Wednesday, September 28, 2011

MSD on the South Side

Our storm water and sanitary infrastructure is a complex system of separated and combined lines. There are a couple of large projects taking place near my home just south of Tower Grove Park. The first involves replacing, repairing and upgrading lines that, in the future, will separate sanitary and storm water.
The water entering these street side inlets will drain to a stream. It might be the case that they pass through a waste water treatment plant on the way - at least for the time being. All water ends up in a stream, sometimes it takes a circuitous path.
Lots of precast concrete pipe is stocked and utilized in the rebuilding project. Streets are closed, large trenches dug and many hours of labor are needed to fit the new stuff. These are big projects, using big equipment and they test the patience of nearby residents. Still, it is an important part of taking care of issues that are very serious environmental concern. Our rates may rise but it is an essential part of being a responsible community.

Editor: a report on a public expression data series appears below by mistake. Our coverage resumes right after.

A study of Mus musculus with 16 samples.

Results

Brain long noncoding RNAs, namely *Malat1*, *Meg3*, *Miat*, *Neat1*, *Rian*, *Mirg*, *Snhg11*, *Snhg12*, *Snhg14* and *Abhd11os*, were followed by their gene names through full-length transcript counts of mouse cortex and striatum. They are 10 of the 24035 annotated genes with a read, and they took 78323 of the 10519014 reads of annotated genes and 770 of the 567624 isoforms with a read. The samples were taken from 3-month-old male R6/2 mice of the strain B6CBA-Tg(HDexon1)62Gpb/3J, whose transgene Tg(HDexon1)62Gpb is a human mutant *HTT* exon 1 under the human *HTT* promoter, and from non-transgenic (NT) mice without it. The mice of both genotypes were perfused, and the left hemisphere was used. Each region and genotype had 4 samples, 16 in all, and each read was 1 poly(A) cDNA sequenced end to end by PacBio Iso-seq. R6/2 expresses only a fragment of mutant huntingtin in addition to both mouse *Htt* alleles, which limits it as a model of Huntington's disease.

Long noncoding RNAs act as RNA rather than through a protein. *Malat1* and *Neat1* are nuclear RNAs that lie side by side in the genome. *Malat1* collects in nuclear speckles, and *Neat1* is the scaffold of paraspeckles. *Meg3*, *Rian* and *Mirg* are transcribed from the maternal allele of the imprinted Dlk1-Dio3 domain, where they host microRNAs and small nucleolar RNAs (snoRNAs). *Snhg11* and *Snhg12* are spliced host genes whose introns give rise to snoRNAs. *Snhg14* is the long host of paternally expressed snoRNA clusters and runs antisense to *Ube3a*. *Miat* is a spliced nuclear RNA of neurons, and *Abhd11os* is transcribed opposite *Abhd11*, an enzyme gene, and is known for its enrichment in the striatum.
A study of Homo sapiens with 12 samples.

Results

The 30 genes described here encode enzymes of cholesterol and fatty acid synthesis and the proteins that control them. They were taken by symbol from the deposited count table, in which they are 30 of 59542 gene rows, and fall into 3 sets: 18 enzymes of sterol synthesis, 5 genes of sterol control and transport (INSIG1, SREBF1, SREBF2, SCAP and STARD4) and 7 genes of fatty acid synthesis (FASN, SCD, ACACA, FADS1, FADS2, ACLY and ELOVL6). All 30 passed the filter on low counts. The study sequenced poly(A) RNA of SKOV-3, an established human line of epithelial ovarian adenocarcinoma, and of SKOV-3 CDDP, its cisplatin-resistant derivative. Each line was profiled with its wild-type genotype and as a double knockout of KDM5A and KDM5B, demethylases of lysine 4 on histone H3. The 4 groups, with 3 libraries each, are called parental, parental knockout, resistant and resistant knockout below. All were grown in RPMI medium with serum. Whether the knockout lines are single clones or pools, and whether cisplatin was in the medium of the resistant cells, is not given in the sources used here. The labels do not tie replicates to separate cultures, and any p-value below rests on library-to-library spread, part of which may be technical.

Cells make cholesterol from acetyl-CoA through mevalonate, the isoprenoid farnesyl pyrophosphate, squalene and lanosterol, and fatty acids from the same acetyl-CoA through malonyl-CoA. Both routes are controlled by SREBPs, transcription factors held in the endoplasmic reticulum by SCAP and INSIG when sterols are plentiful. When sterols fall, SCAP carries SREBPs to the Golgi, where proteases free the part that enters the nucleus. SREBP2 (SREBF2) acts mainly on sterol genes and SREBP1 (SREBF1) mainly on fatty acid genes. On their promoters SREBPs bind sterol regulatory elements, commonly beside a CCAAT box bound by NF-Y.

The images below are from a pervious alley project just east of the larger pipe project. A concrete perimeter and the relaying of alley pavers on a specially designed substrate will work to slow water down before it enters the combined system. The goal is to prevent overload and untreated waste water from entering our streams. This is part of a multi-pronged approach to a big problem.
I lifted the grate at the end of the alley to reveal the intersection of the pervious alley and the existing system. The water in the alley will filter its way down, slowly, into the green pipe. Eventually much of it will discharge here and then return to the existing MSD system. The goal is to have water from a large rain event have a minimal impact on an already challenged system. It is one part of a solution.

Individuals can help with rain gardens and rain barrel usage on their own properties.